Rondo opens up and pressure arises in Sacramento
Former All-Star point guard, Rajon Rondo became the second veteran player on the Kings to validate the obvious concerns of fans and pundits from last season on an episode of ESPN’s “The Jump,” with Rachel Nichols.
Not long after Caron Butler told “First Take” that players and coaching staff “couldn’t co-exist,” Rondo, who left the most volatile of situations in Dallas – where his relationship with coach Rick Carlisle prompted the team to end his season in the midst of a playoff series – noted the dysfunction in the Kings’ locker room.
“As far as locker room chemistry, it wasn’t the best, and I’ve been around a couple teams now, this is my 10th year,” Rondo told Nichols Monday. “We didn’t sacrifice enough of one another to be successful.”
Rondo, who has been described by former head coach Doc Rivers, as an especially difficult player to deal with, was one of several personalities influencing Sacramento’s predicament. However, the “whirlwind of problems” Rondo noted does not begin in the locker room, so much as with the parties who put the pieces in it.
“I think we made the best of our opportunity, when needed as far as the coaching and the players,” Rondo said.
Rondo has been accused of many things, but rarely is his basketball acumen brought into question. If he, a future Hall-of-Famer, champion and All-Star believes a 33-win season is making “the best” of what the Kings had, the Kings have not been given much to work with.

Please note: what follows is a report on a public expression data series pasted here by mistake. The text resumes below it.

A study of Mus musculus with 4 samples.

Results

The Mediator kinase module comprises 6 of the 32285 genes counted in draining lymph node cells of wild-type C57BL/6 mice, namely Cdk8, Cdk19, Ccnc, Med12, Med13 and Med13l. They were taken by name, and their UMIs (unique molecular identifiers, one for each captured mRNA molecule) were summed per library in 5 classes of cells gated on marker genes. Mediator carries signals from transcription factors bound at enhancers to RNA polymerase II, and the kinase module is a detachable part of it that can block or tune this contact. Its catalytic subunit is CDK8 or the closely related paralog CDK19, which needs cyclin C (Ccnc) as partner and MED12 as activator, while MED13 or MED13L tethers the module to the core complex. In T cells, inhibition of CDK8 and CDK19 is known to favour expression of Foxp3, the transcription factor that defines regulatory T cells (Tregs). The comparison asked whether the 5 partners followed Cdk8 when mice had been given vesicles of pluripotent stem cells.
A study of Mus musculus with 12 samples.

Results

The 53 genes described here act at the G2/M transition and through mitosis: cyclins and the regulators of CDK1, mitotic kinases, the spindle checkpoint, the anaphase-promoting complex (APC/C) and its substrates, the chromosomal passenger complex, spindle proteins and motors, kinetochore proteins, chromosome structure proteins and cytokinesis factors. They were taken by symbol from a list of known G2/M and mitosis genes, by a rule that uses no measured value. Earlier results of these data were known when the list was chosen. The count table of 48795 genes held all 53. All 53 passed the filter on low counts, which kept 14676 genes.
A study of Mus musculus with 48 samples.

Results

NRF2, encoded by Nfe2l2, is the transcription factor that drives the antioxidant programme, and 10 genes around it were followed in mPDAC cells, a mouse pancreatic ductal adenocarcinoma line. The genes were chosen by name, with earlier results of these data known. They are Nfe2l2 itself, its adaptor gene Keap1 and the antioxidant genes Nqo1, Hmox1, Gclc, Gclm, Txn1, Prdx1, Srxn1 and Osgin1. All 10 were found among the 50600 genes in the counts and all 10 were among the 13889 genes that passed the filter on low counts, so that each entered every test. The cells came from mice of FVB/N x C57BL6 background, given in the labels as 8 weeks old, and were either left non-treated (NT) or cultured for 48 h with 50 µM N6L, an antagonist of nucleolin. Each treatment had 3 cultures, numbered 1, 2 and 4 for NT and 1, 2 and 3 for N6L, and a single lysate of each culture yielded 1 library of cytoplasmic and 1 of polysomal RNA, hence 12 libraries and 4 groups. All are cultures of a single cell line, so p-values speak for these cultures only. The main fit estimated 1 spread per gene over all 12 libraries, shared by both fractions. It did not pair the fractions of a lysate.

Vivek Ranadive has been called a savior and genius. If the Kings are to become a winner and attract players with Rondo’s resume moving forward, ownership and front office members will need to produce a more capable roster and begin to clean the “dysfunctional” image they have been labeled with for many years.
Rondo told The Jump he witnessed, ”Too much tension,” as he average a double-double for the Kings this past season.
Just one year after Pete D’Alessandro left for a new opportunity, after players were labeled by the media as quitting on coach Ty Corbin and their 2014-15 campaign, a new group of variables the following season produced a similar result.
“I felt like that whole issue was ‘let’s just get through’,” Butler told First Take mere weeks before Rondo’s recent remarks.
With the draft and free agency right around the corner, the front office is definitely on the clock as far as reaching certain expectations from its loyal fanbase.
DeMarcus Cousins, new head coach Dave Joerger and Rondo (should he return in free agency), will be held accountable for much of the on-court success and locker room cohesiveness.
The primary commonalities in the past two seasons have been the turmoil from the top of the organization. Should this turmoil be evident in the off-season or in the beginning of next season, players are likely to enter their new arena and season wishing to “just get through” again.
If Ranadive allows his front office to do their job and if Vlade Divac is truly capable of putting together a successful team, then things should turn around in the near future.
If not, the sentiments of Sacramento’s supporters are likely to mimic those of its veterans.